Lending a Helping Hand

Many companies active in the global licensing and consumer products business are doing what they can to support medical professionals and consumers during the COVID-19 crisis. In addition to being the right thing to do, their efforts help keep some of their workers employed, utilize existing capacity and already-purchased materials, and give them a positive image among their consumers.

The initiatives, to date, fall into several classifications:

  • Making masks and protective wear. Fanatics and Major League Baseball repurposed a factory to produce masks and gowns from on-field jersey fabric. Fashion designers and retailers such as Christian Siriano, H&M, Zara, Ralph Lauren, Baby Dior, Gucci, and more are transitioning some of their factories and/or assigning some of their workers to this task. Joann Fabrics and Crafts is enlisting its crafty customers to sew face masks and protective gear.
  • Producing hand sanitizer. Spirits conglomerate Diageo provided 2 million liters of alcohol to be used to make more than 8 million bottles of free hand sanitizer and donating them to healthcare workers. Kylie Jenner and Kris Jenner teamed with Coty, a major investor in Kylie’s cosmetics brand, to produce hand sanitizer for hospitals in southern California. And toy company Crazy Aaron’s Thinking Putty paired with Five Saints Distilling to create hand sanitizer to be donated to medical professionals.
  • Manufacturing ventilators, face shields, and other hard goods. MGA Entertainment is constructing ventilators, ventilator valves, and goggles, including in its Little Tikes factory, as well as making its 3D printers available to hospitals so they can address specific needs. Nike recently started making face shields from elements and materials used in its shoes and apparel. Car companies, electronics brands, and 3D printing services have redirected their operations to the production of ventilators or parts.
  • Leveraging distribution and delivery networks. Burberry is delivering protective gear by utilizing its global supply chain. Footwear licensee Leomil and its sibling divisions acquired 200,000 face masks and donated them to Belgian healthcare providers. Among other initiatives, Burton, the snowboard maker, is donating 500,000 respirator masks to hospitals in the Northeast U.S., securing the products from a Chinese factory recommended by its binding manufacturer in that country. MGA is sourcing masks from China and using its distribution network to get them to hospitals.
  • Providing free access to content to help kids pass their time in isolation productively. Sesame Workshop is making available over 110 Sesame Street e-books for free across platforms to help kids stay occupied. Amazon Prime did the same for its kids’ and family original TV content, as well as some commissioned and licensed series. Hasbro created a global platform called Bring Home the Fun, with content meant to inspire family activities and playtime, and Mattel introduced a similar initiative, Mattel Playroom. Harry Potter at Home is a free online hub of activities, videos, quizzes, and more. And Scholastic made a variety of online courses, of the sort it usually provides with subscription, available free to all families.
  • Developing virus-specific educational content. Nickelodeon implemented #KidsTogether, a multiplatform initiative in which its characters explain to viewers how to stay healthy. Cartoon Network has created PSA video shorts starring a number of its characters, focusing on good hygiene, available both online and on-screen. Planeta Junior introduced a #StayatHome campaign, featuring the Gormiti and Pucca properties, to raise awareness of COVID-19 among children. Sesame Workshop launched a Caring for Each Other platform featuring resources for parents on how to manage their kids’ anxiety and stay healthy, along with kids’ content on how to wash their hands and cough and sneeze properly. (The campaign also led to a capsule collection with Champion.) Most of these initiatives enhance the message-based content with leisure-time activities similar to those mentioned in the bullet above.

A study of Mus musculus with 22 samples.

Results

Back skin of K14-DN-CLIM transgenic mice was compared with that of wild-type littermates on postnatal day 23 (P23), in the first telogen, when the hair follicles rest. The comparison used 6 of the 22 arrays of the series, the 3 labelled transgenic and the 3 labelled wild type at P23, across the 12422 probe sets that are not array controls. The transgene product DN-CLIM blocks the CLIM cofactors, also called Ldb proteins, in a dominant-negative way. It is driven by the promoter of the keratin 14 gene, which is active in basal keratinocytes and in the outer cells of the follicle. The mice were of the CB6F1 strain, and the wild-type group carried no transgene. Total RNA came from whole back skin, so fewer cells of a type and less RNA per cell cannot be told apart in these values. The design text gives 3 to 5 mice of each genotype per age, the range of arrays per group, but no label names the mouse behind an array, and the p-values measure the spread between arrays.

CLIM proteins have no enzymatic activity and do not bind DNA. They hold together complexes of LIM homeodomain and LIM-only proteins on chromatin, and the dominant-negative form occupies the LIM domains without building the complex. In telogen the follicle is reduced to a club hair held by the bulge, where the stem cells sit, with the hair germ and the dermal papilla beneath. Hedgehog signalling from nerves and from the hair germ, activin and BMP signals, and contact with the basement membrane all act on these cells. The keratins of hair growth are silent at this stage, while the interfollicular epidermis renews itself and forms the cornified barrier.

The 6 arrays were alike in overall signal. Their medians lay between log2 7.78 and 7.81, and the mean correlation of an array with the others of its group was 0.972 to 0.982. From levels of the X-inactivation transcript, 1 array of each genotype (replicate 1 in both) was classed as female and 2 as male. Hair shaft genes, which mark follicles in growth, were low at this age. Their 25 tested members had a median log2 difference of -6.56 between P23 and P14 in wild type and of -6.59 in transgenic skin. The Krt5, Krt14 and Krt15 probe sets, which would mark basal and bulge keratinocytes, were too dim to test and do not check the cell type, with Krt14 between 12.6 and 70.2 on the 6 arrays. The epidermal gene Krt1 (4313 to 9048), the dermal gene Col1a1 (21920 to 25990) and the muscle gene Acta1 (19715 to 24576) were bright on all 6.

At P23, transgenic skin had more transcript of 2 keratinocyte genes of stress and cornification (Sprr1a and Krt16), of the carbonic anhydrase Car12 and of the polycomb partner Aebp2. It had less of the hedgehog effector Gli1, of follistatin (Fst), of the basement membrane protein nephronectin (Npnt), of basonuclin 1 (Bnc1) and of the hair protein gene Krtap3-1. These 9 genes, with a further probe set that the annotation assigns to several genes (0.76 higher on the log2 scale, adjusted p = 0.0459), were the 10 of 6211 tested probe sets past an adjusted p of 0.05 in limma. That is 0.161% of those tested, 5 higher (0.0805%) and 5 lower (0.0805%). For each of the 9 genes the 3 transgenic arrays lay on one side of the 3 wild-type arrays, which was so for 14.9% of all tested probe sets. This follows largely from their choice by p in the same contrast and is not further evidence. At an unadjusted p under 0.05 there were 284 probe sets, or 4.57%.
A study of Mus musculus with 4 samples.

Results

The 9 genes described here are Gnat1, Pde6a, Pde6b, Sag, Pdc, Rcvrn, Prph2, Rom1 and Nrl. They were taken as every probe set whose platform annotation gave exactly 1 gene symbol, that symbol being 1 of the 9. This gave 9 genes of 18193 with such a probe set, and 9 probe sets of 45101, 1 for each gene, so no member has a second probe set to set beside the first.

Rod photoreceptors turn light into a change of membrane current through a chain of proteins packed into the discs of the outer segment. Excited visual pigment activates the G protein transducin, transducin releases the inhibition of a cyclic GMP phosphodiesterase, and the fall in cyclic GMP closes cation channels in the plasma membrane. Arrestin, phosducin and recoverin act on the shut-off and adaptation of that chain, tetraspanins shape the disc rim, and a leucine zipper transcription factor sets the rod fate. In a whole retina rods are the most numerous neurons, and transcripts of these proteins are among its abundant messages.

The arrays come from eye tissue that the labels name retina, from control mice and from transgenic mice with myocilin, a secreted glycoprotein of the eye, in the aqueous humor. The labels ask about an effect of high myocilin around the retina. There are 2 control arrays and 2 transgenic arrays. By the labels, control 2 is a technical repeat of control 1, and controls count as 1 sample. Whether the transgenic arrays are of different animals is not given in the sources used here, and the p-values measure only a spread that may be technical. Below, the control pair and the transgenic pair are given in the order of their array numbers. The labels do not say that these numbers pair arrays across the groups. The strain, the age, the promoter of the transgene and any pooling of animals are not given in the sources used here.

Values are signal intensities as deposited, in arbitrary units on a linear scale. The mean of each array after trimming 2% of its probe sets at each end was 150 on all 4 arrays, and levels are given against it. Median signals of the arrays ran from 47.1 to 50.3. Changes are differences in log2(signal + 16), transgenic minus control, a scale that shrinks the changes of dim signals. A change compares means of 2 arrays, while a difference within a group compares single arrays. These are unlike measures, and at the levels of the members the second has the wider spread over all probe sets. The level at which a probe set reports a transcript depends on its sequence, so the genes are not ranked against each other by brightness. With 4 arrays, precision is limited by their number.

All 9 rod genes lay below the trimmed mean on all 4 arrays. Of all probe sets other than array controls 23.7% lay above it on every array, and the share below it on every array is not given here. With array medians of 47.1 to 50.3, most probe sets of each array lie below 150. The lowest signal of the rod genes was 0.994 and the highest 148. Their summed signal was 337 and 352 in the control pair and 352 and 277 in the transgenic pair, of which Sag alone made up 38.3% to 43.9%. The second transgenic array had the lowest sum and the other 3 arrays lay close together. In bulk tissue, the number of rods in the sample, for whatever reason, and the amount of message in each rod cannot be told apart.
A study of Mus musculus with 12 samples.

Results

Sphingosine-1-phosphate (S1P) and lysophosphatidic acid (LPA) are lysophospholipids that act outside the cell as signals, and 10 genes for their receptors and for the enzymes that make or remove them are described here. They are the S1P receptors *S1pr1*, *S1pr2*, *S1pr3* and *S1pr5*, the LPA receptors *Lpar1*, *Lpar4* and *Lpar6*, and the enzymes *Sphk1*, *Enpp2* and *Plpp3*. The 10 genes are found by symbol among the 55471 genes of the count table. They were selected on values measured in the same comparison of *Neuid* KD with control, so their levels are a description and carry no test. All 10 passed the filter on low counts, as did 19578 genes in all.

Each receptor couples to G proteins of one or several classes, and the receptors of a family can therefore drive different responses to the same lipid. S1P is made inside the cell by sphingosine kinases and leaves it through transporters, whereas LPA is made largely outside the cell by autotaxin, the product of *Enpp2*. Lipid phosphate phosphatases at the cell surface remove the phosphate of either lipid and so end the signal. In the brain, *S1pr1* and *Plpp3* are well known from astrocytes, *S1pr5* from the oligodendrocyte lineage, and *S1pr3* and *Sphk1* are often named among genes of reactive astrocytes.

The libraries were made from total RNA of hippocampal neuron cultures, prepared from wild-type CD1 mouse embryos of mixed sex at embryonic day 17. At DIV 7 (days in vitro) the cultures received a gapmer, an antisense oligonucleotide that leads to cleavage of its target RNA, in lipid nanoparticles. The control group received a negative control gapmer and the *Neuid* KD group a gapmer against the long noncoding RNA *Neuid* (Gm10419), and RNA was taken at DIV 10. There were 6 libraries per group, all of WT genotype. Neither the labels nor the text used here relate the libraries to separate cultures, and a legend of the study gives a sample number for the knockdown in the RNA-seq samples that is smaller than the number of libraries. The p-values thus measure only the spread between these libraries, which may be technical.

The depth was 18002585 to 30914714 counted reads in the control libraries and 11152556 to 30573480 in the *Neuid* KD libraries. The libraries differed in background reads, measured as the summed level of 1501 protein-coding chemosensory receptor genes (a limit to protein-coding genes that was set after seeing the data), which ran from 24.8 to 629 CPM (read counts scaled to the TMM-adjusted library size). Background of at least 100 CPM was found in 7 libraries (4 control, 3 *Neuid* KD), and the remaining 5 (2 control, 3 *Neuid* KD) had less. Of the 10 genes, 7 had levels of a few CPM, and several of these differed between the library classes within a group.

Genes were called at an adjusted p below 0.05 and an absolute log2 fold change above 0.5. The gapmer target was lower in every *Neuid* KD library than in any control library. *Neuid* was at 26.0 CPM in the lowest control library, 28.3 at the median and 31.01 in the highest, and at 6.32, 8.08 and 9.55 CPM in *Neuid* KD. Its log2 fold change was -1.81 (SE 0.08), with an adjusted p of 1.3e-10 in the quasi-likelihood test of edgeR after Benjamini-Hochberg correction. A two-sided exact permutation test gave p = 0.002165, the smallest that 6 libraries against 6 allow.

• Making donations of existing inventory or funds. Amazon is donating N95 masks and other medical supplies, formerly sold through its site, exclusively to hospitals, first responders, and government agencies. Radians, the Stanley brand’s licensee for personal and worker protective equipment, donated N95 masks to hospitals in two Tennessee cities. Dolce & Gabbana, Armani, Kering, and Prada are among the fashion marketers that have made big monetary donations to be used for research, hospital facilities, and other purposes. ViacomCBS set up a $100 million coronavirus relief fund.
  • Raising money. The NFL is turning its 2020 Draft, now a virtual event, into a three-day fundraiser for six NFL Foundation-selected charities involved in combatting the spread of the virus. Singer Harry Styles is one of several celebrities to make an effort to help, in his case by raising funds through the sale of a t-shirt with a self-distancing message. Ten percent of proceeds from apparel brand CLOAK’s collaboration with Five Nights at Freddy’s will be donated to the COVID-19 Solidarity Response Fund for WHO.

These examples are just a sampling of the many initiatives that are ongoing, with more announced every day. It should be noted that, while such programs offer secondary marketing benefits in terms of awareness and image, they need to be authentic to the company and have the potential to make a real difference. In a situation such as the coronavirus, where human life and livelihoods are at risk, it is easy to cross the line into being perceived as too crass or too commercial.